Classy ChassisThis weekend Sarah and I are visiting her hometown of Wenatchee, WA for their annual Apple Blossom Festival. So far it has been visiting family, going to the foodcourt (like the food section of any carnival) and a new experience for me, The Classy Chassis (A Chassis is a framework that supports an inanimate object, analogous to an animal’s skeleton, for example in a motor vehicle or a firearm,” thank you Wikipedia). 

Basically this was a parade showcasing great cars. Largely it was a ‘mine is bigger (or classier) than yours’ show. While cars are not exactly my cup of tea (the most advanced thing I or my father have ever done to a car is change a tire), it was a fun community event and there were some pretty cool and fun vehicles. But it was too long and by the end I began to feel the exhaust and burnt rubber in my mouth. Like I said, not really my thing anyway. Going to this event made me realize that cars are a deep a deep rooted American tradition. 

As we were walking back to our car (we couldn’t last longer than an hour and a half) my father in law’s first comment was about how much gas this event probably spent. When we got back he showed me an article in the Wall Street Journal: “Utilities, Plug-In Cars: Near Collision?” (Friday, May 2, 2008).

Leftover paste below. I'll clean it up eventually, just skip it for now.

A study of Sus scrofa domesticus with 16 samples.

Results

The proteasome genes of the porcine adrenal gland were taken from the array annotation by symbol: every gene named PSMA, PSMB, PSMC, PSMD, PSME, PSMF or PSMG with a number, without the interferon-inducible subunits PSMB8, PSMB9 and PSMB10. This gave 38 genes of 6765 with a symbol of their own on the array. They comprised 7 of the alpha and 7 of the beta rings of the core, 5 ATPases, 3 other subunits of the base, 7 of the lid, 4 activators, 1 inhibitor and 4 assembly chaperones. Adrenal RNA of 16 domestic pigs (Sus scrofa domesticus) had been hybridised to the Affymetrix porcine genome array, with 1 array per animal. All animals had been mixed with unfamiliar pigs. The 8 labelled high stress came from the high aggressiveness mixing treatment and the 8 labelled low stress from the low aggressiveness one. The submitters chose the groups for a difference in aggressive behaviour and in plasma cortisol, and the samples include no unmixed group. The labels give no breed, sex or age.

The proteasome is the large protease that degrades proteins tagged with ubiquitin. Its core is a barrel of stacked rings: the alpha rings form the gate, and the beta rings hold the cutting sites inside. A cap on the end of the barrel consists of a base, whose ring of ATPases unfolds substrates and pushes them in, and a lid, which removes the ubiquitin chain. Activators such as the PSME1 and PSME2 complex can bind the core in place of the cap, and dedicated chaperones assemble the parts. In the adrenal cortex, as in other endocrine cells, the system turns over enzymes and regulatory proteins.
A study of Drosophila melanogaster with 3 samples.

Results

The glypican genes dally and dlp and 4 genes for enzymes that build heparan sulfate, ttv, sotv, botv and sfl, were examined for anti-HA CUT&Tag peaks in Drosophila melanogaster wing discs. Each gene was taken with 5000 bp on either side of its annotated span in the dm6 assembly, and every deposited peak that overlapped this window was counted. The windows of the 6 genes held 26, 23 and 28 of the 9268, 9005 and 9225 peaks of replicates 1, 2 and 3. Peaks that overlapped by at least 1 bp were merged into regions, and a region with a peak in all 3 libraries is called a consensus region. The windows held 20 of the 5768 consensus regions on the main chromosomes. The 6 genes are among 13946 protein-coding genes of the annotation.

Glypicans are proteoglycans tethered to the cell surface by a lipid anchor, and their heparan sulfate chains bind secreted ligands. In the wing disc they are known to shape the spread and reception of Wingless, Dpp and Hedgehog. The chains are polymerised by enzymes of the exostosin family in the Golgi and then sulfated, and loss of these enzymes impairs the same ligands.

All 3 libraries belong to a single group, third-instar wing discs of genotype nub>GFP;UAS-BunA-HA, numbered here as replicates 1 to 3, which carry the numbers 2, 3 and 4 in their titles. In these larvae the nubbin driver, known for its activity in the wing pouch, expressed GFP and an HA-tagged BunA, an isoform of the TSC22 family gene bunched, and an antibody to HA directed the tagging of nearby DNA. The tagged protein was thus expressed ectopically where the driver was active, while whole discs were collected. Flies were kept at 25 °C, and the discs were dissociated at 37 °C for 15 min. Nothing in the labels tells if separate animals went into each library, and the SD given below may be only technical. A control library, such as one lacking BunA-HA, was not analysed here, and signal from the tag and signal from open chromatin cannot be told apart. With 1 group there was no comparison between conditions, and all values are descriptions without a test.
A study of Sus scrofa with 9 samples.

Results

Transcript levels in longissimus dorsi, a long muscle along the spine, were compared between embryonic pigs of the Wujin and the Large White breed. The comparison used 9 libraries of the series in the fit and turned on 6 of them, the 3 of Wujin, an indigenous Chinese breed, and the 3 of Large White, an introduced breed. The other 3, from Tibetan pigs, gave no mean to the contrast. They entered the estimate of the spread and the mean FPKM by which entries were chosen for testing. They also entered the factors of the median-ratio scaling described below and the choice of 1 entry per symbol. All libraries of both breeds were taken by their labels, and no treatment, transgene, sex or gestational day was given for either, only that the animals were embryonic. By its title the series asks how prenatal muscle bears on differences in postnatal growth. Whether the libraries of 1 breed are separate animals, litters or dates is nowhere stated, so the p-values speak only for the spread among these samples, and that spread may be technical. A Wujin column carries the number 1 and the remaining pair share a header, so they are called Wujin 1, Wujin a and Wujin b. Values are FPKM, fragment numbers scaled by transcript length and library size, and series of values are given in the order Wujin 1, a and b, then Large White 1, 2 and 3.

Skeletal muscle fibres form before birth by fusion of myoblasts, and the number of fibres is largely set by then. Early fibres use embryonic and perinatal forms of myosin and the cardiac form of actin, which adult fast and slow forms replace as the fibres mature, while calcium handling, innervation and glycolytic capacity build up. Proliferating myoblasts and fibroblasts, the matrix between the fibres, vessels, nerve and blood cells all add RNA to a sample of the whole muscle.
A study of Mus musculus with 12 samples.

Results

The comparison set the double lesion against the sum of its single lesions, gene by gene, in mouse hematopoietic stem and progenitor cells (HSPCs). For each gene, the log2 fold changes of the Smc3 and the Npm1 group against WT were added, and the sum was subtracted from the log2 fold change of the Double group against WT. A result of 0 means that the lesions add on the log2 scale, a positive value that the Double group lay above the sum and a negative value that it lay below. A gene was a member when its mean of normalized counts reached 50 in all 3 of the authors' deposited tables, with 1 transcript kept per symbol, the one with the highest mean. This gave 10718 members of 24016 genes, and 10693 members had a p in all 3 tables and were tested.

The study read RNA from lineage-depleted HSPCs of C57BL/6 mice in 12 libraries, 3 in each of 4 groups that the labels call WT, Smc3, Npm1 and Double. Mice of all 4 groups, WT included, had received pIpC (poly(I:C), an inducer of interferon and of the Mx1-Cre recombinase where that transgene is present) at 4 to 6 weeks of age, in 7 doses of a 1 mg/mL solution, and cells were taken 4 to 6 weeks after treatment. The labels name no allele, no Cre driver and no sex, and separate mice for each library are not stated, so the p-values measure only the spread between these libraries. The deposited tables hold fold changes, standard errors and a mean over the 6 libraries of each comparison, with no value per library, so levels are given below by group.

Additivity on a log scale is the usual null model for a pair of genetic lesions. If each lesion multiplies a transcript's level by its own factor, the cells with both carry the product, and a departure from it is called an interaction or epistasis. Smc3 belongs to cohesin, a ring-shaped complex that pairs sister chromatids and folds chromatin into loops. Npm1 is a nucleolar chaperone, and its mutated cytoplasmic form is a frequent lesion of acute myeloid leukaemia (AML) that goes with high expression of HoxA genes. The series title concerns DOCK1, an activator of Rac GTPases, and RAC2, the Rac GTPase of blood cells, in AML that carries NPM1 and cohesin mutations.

In the article it discussed a new generation of hybrid cars that can “run 10 to 40 miles on an electric powered battery before they have to tap their gasoline engine.” (Actually they had one of these at the Classy Chassis) The problem with these kinds of cars is the need of electricity. We can’t get around the fact that to run something takes some kind of energy. But here is the deal, if we were responsible enough to charge our cars at night, when demand for electricity is low, we could currently “met the electricity of 73% of the nations light vehicles if the vehicles were replaced by plugins”! That is without ramping up our ability to produce electricity. This kind of technology is hopeful and exciting to me.

This kind of technology would cut our “oil consumption by 6.2 million barrels a day, eliminating 52% of current imports.” For a country addicted to gasoline this would be a huge improvement.

As my father in law remarked, whether your issue of choice is the environment, the economy, or national security, we all have to agree that we need to use less gasoline. Electricity may well be the best option for that right now. However, that means letting go of an American tradition that is, as I saw last night at the Classy Chassis, a deeply rooted tradition. The American public has grown up with the love of cars (although somehow I missed it), but for us to consume less gas, we will have to change that mentality. It may take a change in culture, but nothing changes culture like $4/gallon gas.